Despite the widespread brand awareness and decades of positive associations with the Disney name, competition remains an issue for the company's theme parks:
- Shanghai Disney is expected to open its gates in about 18 months, with marketing to draw millions of middle-income Chinese families year after year. A joint venture with a Chinese firm, Shanghai Disney will compete for share in what will be, by 2015, a $148 billion market for entertainment and media services. In addition to Hong Kong Disneyland, other theme park competitors include: Chimelong Happy World, Window to the World, and Beijing Happy Valley.
- Tokyo Disneyland, highly popular with Japanese families, is to undergo an update and expansion as the operator works to meet the needs of the aging population. Opened in 1983, attendance continues to increase, and nearby DisneySea is also feeling the halo effect of improved economic conditions. However, Japan is the birthplace of Hello Kitty, who has her own theme park; other theme park rivals include: Universal Studios, Kidzania, and Huis Ten Bosch.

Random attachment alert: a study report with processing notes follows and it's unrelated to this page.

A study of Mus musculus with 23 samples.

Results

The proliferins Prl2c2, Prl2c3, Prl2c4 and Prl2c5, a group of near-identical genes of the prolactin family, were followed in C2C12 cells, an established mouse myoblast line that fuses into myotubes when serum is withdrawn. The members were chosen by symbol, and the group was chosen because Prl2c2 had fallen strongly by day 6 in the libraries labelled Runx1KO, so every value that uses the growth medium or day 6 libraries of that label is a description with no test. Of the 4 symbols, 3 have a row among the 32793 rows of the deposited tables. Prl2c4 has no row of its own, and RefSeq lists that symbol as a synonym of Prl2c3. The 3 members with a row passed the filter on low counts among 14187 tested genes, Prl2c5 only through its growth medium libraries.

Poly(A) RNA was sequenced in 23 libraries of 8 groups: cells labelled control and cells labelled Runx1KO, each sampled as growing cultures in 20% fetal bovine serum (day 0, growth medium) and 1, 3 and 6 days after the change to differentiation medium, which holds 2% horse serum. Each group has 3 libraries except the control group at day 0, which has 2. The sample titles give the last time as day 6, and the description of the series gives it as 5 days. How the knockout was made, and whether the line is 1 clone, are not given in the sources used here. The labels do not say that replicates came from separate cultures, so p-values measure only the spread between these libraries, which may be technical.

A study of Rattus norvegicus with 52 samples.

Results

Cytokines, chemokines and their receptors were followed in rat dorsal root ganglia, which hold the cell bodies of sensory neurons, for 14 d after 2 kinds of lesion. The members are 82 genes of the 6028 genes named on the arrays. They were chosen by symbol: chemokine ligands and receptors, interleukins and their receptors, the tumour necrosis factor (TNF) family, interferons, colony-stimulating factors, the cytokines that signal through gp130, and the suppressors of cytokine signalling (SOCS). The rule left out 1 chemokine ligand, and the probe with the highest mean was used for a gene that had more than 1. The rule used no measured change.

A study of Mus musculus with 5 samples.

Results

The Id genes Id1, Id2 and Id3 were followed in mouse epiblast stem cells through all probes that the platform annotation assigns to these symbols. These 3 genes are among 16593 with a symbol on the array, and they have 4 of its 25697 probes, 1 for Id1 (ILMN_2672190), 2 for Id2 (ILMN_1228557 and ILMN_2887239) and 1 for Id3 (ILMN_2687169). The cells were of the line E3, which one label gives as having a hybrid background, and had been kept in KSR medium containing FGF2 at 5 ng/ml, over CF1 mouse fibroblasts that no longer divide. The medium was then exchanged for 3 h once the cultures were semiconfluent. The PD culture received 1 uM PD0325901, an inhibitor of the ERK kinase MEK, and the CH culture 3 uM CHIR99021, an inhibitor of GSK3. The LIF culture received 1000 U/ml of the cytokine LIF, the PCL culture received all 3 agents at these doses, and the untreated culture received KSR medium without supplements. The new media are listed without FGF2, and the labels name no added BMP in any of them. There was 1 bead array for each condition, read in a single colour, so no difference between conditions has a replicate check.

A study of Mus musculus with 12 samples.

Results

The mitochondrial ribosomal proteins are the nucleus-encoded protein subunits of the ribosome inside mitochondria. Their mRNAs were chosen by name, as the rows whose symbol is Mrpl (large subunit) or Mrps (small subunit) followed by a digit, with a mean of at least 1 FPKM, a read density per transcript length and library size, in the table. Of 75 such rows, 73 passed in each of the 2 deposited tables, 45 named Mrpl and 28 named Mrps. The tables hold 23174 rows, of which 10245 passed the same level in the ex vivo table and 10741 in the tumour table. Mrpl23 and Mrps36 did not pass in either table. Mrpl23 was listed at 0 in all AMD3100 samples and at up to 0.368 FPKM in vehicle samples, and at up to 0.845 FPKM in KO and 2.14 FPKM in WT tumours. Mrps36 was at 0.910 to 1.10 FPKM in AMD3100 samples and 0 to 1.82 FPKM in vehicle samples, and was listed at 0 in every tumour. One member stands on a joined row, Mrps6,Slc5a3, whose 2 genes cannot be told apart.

- Disney World in Florida must contend with increased competitive pressure from rivals like Universal Studios, Legoland, and SeaWorld. Reportedly, Disney has lost market share in Florida since 2009, in part because of the popularity of Harry Potter attractions at Universal Studio's Islands of Adventure.
- Disneyland Paris, drawing customers despite Europe's mixed economic climate, has high hopes for its upcoming Ratatouille ride. What draws customers? The COO of Euro Disney answers: "That curiosity that you had as a child you hope you never lose and that’s what drives people to theme parks." European competitors include Bagatelle Park and Parc Asterix, both in France.